Dealing with emotional trauma is a matter for the experts, but there is so much of it around that we need to know something about it – even if it’s just enough to realize that a lack of knowledge can do more harm than good. This is especially true when dealing with childhood emotional trauma among sufferers who are still children.
Children’s Homes are filled with traumatized children. Even if they haven’t been abused, the very fact that they are there is a result of a traumatic life event. Sudden death of a primary care-giver is a huge factor in causing childhood emotional trauma.
Even if the reasons are purely economic, being wrenched away from their family and their known environment into that lonely, unknown world, cannot escape causing them severe trauma. In too many cases, however, abuse or neglect was the cause of their being relocated.
The circumstances leading up to a child’s incarceration into an institution ensures that the child is already traumatized by the time admission takes place. From that moment on, there will be many circumstances to add to their trauma, not least, their sense of abandonment and loneliness. For them, childhood emotional trauma is already a reality that will shape their futures.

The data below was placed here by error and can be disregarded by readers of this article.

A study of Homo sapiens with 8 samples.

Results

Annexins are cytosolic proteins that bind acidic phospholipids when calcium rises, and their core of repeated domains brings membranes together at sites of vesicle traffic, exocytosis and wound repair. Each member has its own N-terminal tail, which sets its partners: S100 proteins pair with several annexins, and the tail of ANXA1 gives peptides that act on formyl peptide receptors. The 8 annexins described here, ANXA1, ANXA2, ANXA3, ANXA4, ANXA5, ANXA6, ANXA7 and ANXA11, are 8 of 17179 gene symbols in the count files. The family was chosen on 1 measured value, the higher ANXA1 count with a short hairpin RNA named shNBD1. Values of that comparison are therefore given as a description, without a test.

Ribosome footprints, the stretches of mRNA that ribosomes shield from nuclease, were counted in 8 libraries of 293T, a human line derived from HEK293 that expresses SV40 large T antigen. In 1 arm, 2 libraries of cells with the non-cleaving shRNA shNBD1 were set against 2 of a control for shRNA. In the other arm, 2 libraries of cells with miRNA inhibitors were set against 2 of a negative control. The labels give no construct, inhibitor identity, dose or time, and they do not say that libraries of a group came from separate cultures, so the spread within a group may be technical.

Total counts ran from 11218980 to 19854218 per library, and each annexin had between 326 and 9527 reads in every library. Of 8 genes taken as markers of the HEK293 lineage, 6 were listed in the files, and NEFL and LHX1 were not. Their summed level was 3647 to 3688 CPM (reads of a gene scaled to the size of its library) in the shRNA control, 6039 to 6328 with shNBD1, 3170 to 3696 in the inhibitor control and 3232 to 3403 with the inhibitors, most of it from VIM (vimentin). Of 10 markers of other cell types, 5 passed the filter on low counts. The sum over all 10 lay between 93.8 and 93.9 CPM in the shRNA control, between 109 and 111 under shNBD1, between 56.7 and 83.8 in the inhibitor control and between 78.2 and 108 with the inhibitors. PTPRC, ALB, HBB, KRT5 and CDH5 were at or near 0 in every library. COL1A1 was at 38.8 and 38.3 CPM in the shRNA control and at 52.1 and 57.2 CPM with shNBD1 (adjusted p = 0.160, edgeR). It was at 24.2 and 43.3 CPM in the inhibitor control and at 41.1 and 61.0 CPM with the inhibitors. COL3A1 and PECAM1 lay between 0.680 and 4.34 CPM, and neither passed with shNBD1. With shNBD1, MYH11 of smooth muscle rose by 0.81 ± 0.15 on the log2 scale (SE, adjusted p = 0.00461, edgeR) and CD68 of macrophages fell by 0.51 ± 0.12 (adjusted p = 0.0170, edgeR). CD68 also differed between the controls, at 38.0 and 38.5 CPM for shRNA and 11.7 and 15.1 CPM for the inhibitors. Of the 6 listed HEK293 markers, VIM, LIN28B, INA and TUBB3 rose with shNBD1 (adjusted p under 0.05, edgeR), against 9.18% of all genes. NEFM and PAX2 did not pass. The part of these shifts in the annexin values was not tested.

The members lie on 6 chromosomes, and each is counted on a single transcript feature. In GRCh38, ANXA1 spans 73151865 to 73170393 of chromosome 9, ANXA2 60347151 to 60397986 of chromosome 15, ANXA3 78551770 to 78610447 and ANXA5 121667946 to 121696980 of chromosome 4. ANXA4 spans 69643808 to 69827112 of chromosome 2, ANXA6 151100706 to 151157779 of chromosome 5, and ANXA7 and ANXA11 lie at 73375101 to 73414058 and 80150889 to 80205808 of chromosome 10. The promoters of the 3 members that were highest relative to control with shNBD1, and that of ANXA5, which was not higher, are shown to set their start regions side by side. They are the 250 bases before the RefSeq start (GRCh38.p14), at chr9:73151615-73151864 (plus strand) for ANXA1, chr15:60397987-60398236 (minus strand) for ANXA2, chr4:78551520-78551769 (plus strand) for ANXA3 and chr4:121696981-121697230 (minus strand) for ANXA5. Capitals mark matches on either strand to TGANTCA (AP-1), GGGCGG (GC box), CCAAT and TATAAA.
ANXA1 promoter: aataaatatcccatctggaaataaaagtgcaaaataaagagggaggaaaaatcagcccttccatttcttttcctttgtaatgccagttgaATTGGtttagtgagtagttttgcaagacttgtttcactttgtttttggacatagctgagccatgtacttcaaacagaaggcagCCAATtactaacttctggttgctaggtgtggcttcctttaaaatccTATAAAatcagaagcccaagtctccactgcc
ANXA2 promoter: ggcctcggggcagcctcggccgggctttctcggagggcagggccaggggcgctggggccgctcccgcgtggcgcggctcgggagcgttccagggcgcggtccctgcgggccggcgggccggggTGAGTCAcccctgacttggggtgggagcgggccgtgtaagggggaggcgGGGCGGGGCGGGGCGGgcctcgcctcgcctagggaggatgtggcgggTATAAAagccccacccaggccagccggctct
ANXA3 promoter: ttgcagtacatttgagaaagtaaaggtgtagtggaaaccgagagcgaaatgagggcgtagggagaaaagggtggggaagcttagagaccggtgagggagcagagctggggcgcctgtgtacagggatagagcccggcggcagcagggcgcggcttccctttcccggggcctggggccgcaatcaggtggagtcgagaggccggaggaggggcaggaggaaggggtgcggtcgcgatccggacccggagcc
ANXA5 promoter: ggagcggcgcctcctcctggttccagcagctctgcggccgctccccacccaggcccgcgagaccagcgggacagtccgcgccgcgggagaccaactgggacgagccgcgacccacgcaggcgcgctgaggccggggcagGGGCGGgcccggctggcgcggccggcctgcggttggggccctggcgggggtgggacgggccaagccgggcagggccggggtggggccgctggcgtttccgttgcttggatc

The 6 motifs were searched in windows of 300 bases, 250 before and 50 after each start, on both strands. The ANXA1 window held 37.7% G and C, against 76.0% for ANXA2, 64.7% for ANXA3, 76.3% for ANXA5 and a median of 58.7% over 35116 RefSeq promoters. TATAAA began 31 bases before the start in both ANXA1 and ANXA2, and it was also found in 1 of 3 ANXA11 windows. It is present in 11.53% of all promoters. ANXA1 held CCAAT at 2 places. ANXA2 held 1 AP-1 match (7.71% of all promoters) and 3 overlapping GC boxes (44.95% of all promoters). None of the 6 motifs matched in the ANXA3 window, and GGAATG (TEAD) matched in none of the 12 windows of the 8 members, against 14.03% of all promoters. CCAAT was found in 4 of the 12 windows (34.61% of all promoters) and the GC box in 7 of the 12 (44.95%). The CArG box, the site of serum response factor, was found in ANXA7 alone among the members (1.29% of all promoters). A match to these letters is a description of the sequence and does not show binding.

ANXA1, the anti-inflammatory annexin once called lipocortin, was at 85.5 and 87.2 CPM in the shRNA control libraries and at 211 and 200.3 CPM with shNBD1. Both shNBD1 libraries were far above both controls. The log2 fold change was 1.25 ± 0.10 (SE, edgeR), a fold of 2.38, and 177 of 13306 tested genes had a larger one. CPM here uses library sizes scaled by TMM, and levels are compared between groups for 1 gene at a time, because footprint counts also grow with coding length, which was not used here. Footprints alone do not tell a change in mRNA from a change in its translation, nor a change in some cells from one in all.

Childhood Emotional Trauma: Volunteers and Hosts
Volunteers and hosts who visit children in institutions, or take them to their homes on a regular basis, should be aware that their own lack of training in childhood emotional trauma could very easily undo all the progress that the children’s therapists have made.
For example, abused children do not see normal discipline from the same perspective as emotionally secure children do. Childhood emotional trauma changes a child’s perception of discipline and punishment. When you smack your child’s bottom, indignation is probably the only result.
When you raise your hand to an abused child, even playfully, the moment your hand is raised, all trust disappears and immediate distress is triggered. No matter how much you reassure the child, that trust is gone – and the child is convinced that yet another adult has proved that adults cannot be trusted.
Another consequence of childhood emotional trauma is that these children often have a very low self-esteem. ‘Normal’ teasing may inadvertently trigger responses in them that take you by surprise. Careless use of words can cause immense damage to already-fragile self-esteems.
Childhood emotional trauma carries devastating consequences. My purpose is not to discourage volunteer activities. I URGE more people to get involved. You CAN have a HUGE positive influence. My purpose is to emphasise the need to understand the issue and to encourage more people to do one of the many short study courses offered in childhood emotional trauma before volunteering.